The Sacramento region is in the midst of celebrating its self-designation as “America’s Farm-to-Fork Capital” with a variety of food-related festivities running through Sept. 28.
But this agriculturally minded party wouldn’t be complete without some fermented grape juice, and the “Legends of Wine” event Thursday on the west steps of the state Capitol raises a glass to area vintners, who are increasingly receiving national acclaim.
The $50 wine-and-cheese event is hosted by two of the area’s wine figureheads: Darrell Corti of Corti Brothers and David Berkley, the local wine merchant who once selected bottles for the White House.
Corti and Berkley are acting as consultants to help select the three dozen participating wineries, a list that includes Clarksburg Wine Co., Michael David Winery and Revolution Wines. The Bee recently caught up with Corti to chat about what’s new and noteworthy when it comes to local wine:
A lot of writers and producers are talking about Clarksburg chenin blanc, and it’s a really good wine. Remember, this is a grape variety that was enormously popular in California. In the late 1950s through the 1970s, the hottest wine in Napa was Charles Krug chenin blanc that was made in stainless steel tanks and left slightly sweet. Now, the style coming out of Clarksburg is not particularly sweet. It may have a slight bit of residual sugar for balance, but it’s a dry wine. The other good thing is it’s not tricked up with wood. It tastes like what it’s supposed to be.
Petite sirah. How could this have happened? Petite sirah sells incredibly better than syrah and it wasn’t supposed to be like that. Petite sirah almost became extinct in California. It can be dense, inky and thick and unappealing. Curiously, in areas where people have (success) with it, like Clarksburg, the wine is not like that. There’s a certain lightness to the wine. I think the producers started looking at this wine, which was used primarily for blending, and it was terrific for giving color, and realized it needs a lighter hand in making it.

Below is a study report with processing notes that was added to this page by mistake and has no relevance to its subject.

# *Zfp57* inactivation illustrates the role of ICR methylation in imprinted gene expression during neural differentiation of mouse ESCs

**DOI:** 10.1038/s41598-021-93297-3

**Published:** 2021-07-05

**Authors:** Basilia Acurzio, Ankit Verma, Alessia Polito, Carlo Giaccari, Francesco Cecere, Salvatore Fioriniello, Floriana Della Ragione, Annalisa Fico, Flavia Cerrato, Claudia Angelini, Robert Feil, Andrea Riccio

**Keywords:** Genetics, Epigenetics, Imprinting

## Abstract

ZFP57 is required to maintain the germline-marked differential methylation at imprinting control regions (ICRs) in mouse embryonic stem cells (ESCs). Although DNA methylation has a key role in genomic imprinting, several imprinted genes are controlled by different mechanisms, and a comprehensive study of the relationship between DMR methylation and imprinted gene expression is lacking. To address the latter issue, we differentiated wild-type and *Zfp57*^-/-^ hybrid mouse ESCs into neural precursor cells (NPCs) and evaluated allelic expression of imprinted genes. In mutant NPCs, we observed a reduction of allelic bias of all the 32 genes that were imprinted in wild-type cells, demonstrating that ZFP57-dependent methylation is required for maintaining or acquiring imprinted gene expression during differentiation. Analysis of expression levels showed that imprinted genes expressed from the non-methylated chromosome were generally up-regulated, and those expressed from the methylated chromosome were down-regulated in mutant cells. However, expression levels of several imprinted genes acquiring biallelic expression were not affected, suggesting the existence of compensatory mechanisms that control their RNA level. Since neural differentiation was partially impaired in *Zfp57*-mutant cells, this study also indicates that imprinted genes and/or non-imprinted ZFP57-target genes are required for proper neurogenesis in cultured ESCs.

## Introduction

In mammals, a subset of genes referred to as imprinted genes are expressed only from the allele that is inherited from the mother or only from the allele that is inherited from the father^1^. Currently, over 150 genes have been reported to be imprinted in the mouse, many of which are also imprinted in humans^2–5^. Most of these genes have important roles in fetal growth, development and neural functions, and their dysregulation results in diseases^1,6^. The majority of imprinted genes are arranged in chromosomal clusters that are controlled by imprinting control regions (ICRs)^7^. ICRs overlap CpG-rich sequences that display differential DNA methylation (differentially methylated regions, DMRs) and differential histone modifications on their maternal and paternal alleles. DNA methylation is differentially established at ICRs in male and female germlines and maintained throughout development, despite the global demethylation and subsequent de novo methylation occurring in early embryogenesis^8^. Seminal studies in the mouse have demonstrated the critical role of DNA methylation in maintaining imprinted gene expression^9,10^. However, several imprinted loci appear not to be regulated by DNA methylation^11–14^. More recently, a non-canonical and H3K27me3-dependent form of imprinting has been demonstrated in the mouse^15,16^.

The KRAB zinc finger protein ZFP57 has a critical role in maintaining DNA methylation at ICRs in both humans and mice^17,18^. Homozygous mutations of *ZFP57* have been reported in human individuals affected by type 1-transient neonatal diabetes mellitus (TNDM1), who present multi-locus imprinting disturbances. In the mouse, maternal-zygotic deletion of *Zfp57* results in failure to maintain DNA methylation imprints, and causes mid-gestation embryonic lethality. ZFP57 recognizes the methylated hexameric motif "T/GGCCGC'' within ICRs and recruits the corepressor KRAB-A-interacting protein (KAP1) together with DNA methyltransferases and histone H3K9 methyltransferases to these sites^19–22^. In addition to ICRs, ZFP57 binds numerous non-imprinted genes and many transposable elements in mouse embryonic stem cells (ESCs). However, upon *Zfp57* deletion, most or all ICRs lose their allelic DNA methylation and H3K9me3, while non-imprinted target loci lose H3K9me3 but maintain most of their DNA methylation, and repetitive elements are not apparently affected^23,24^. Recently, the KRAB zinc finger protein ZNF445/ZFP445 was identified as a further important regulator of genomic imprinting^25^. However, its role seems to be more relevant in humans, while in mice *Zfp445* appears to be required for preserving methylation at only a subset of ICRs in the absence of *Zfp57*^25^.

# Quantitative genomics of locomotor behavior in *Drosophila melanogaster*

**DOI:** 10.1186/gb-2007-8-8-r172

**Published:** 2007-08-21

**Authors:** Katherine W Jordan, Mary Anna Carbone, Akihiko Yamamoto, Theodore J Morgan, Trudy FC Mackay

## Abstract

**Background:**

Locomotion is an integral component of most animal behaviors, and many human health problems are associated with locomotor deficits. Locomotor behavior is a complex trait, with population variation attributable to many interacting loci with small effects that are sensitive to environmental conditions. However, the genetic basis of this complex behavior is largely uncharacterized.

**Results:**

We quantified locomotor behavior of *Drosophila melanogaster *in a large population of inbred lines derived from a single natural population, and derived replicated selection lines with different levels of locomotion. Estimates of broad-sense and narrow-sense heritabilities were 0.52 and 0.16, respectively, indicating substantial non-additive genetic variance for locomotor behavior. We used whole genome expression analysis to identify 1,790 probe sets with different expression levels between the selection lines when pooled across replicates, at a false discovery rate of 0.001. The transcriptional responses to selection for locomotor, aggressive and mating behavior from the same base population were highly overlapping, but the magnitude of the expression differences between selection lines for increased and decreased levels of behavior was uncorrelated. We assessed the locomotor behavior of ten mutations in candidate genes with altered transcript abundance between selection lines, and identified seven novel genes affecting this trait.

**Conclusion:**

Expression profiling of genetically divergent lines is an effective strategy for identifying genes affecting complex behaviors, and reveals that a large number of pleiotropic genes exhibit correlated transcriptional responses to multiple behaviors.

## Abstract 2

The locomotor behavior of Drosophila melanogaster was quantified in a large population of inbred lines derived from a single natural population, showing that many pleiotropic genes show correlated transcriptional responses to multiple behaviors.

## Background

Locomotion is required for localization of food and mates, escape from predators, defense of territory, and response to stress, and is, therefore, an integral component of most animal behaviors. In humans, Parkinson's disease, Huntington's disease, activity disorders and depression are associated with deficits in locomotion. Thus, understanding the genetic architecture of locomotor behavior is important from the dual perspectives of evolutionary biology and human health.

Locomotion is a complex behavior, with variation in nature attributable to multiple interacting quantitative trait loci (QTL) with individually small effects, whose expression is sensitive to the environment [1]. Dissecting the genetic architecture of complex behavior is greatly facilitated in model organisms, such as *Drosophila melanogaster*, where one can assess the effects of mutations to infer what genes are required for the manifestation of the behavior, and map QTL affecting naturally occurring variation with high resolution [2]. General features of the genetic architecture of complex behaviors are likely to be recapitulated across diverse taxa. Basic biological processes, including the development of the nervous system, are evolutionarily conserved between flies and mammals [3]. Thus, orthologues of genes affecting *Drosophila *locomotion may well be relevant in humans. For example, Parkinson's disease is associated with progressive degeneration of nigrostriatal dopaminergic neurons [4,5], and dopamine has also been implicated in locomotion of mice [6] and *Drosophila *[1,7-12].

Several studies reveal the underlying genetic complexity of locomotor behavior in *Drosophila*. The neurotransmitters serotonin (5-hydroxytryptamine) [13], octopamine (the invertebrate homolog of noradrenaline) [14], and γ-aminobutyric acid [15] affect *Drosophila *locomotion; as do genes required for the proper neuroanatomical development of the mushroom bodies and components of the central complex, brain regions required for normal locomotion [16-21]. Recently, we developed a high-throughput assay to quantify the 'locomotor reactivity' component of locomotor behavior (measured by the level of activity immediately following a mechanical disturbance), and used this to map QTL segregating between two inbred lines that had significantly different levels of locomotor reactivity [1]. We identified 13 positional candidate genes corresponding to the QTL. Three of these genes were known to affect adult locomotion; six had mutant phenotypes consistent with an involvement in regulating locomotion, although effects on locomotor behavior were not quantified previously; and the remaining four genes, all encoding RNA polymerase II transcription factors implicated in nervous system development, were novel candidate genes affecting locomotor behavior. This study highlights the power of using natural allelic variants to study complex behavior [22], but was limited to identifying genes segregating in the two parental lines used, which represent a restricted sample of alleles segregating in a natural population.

Remember, historically, the Sacramento area was populated by vineyards and wineries. In the end of the 19th century, the largest vineyard in the world was Natomas Vineyard on Folsom Boulevard, just past Rancho Cordova. There were 2,000 acres of vines and all in one piece, not parcels. …
Right now, we’re finding if you take grapes from areas of the world that are warm and transplant them here, sometimes you’re pleasantly surprised. Look at a lot of southern Italian and Rhone varieties. At one time in California, people only wanted classic European varieties. You can’t grow cabernet sauvignon well in Sacramento, but you can grow mourvedre, carignane.
What it should mean is that what you’re eating comes from a farm and it’s on a plate. But most of the time, I don’t think everyone really understands the true meaning of all this because in Sacramento, for example, you can’t grow head lettuce. So, a part of modern living is that we can have whatever we want, whenever we want it. Maybe we shouldn’t want that. Maybe we should say, “This is what we have now, so let’s it enjoy it now.” The idea that people recognize that food has to be grown somewhere is very important.